By on December 3, 2012

It’s been a long, long time since I can remember seeing one of these on the road…and a WAGON no less!

These Polaras were considered mid-sized in an era when truly excessive full-sized land yachts were the desired mode of transport for the financially solvent and nuclear family-oriented, here in the good ol’ U. S. of A. Still, the automotive purchasing public didn’t exactly pan the model; and, in fact, some racers embraced it, considering its combination of outside and underhood dimensions—read that as the possibility of stuffing a big powerful engine in a relatively small car— ideal for quarter-mile shredding. I seem to remember seeing them in law enforcement and fire department livery—likely for the same virtues appreciated by racers.

Far removed from derelict, various visual cues suggest that this particular early-Sixties (I’m guessing probably 1963 or 1964) second-generation Dodge has been owned by the current title-holder for many years. It’s got some rust, yes, but otherwise the body is straight (and coated with the now extra-powderey original Powder Blue paint), most of the exterior trim is intact, and the interior oozes originality wrapped in a state of Arrested Decay!

I didn’t have time to fully analyze the evidence on driver’s and front passenger doors, but it appears that there were some kind of matching decal or appliqué previously occupying the position (the paint getting somewhat damaged upon their removal). Doubtful that these were racing identification numbers, the suggestion is that, in it’s first deployment, it was used as a field vehicle for some company, or government / corporate institution. Might be interesting to know who it was…

That multi-colored array of affixed license plate tag sticker background remnants—posing as some sort of an impromptu drivers door edge guard—would seem to indicate that the present owner has enjoyed the care, feeding and operation of this example for in excess of a few decades!

Whether this person ever considered undertaking a restoration of the vehicle is speculation; but if I were the owner, I’d do as he or she is doing, and just leave it as it is. The kind of funky patina this ‘lara is exhibiting is unique, and worth preserving in its present guise. Why mess with such Bocacious Funkitude?!!

Expertly collected and commented by Phil Coconis, this is the second of many BODACIOUS BEATERS and road-going derelicts, an assemblage of the still driveable near-dead.

Phil has written features and columns for a number of automotive periodicals and web-based information companies. He has run a successful Auto Repair Business in the past for many years (See “Memoirs of an Independent Repair Shop Owner” on this TTAC site). He can be contacted through this very site, or http://www.linkedin.com/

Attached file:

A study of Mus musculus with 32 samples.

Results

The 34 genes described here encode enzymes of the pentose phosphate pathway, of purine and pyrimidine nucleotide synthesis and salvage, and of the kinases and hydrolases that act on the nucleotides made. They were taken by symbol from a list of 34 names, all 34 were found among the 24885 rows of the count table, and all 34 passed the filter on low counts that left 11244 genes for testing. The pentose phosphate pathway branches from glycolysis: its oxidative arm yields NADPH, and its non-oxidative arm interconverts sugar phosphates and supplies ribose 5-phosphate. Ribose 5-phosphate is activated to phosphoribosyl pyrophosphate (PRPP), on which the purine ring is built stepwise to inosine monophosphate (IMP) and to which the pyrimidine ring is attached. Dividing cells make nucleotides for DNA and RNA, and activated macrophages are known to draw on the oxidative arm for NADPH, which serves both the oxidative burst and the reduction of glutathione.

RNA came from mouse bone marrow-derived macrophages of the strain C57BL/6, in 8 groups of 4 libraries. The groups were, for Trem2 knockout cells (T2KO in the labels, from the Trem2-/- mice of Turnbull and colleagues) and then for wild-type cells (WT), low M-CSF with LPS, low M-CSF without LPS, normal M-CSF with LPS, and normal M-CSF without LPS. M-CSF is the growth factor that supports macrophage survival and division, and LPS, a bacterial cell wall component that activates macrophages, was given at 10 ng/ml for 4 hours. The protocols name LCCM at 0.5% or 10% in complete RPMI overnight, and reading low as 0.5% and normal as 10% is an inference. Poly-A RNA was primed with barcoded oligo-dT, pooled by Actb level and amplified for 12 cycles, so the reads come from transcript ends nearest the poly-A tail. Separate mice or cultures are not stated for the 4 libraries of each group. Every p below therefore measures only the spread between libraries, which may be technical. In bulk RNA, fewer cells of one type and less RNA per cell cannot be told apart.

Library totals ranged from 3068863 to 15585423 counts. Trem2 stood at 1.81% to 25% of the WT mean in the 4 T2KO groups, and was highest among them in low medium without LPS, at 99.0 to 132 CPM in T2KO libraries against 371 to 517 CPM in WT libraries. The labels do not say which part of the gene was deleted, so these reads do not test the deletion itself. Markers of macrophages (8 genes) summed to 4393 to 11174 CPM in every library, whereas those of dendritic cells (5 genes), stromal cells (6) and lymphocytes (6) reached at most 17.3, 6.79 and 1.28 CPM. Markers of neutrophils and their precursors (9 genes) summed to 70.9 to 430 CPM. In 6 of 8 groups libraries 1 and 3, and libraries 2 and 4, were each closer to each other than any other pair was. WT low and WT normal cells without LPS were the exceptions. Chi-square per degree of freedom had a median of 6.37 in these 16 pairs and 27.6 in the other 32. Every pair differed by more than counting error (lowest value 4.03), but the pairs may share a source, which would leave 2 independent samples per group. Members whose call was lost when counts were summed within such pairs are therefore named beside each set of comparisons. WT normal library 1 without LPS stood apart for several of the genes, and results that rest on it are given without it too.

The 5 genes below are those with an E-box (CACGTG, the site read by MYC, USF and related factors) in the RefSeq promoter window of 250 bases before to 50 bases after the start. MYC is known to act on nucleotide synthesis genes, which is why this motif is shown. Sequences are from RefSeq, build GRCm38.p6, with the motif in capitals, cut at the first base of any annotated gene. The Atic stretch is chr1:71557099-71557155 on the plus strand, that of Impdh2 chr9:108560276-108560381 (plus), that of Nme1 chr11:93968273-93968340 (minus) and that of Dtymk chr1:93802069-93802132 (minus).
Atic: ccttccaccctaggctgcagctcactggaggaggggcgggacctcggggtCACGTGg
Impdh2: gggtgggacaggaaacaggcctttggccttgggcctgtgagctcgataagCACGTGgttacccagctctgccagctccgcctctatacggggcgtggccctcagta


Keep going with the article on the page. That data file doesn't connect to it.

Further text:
• avatar
    Dimwit

    You are so lucky that something like this even exists. Here in the Great White North, cars of this era are either in museums or haven’t existed for decades.

    Who collects early 60′s Dodge Polaras? And a wagon at that?!

  • avatar
    Roberto Esponja

    This vehicle would be an awesome Vellum Venom subject. Sajeev!!

  • avatar
    Junebug

    My Dad bought a 63 or 64, can’t remember which, back in 1974. He paid $300.00 for it. It had a v-8 and push button gears. I remember hearing him yell goddamnit everytime hit hit “reverse” while trying to adjust the heat! Poor car would just make noise till he hit “drive” again and continue on.

  • avatar
    nikita

    From the look of front end, its a ’64. The ’63 retained the goofy diagonal headlight of the ’62. From the hole on the right rear corner, it had a whip antenna, definitely a radio dispatched fleet vehicle. Dodge was favored by law enforcement in California, but the CHP required a minimum 121″ wheelbase, eliminating the downsized Polara from competition. The Dodge 880, essentially a cheaper Chrysler, was the answer.

  • avatar
    econobiker

    Some sort of service car for the police or a medical examiner car judging by the antenna hole in the right rear corner. Or maybe a military MP car from back then…

  • avatar
    GoesLikeStink

    Very similar condition and “patina” to my recently sold 65 Dodge Dart wagon. I was thinking if I ever did go back down the old car road this is what I would try to get. The Dart just felt too small. Put a modern Hemi or a cheap hot 360 in it with a manual tranny. Fun.

  • avatar
    Xeranar

    That car would be my daily driver of choice after a resto mod. I know some people like that aging look but it’s still super restorable and I know it’s a money loser. The size and looks would be so perfect on campus as the hateful response to those last straggling 240s I see. I know they aren’t professor-owned, but I just would love to stick it to them anyways.

  • avatar
    luvmyv8

    Ah, the Dodge Polara.

    I don’t like the earlier ones (like the one here) but give me a ’69 Polara and I’d be in my automotive happy place.

    The ’69 Polara was one of the fastest police cars and even to this day would keep up with the Chargers, Eco-Boost Fords and the Caprice. The CHP used this car and it was only beaten many years later by the ’94 9C1 Caprice with the LT1. Yes, the Polara was faster then the CHP Mustang 5.0′s, a car that I grew up in awe of.

    The CHP Polara came with the 440 Magnum, rated at 375 hp, bolted to the Torque Flight transmission. Even in 1969 with the tires of the era, this car could reach a verified 147 MPH, from a fullsize car no less. Some Chippies even say it went faster then that. Plus it was just damn intimidating. Not much could get away from it then, it was meant for intercepting muscle cars and it did so easily.

  • avatar
    CoreyDL

    I really like the trail-down at the back of the rear fender. There were lenses there looks like, but did they light up too?

    That’s really the only thing I like about this car, though. Ha.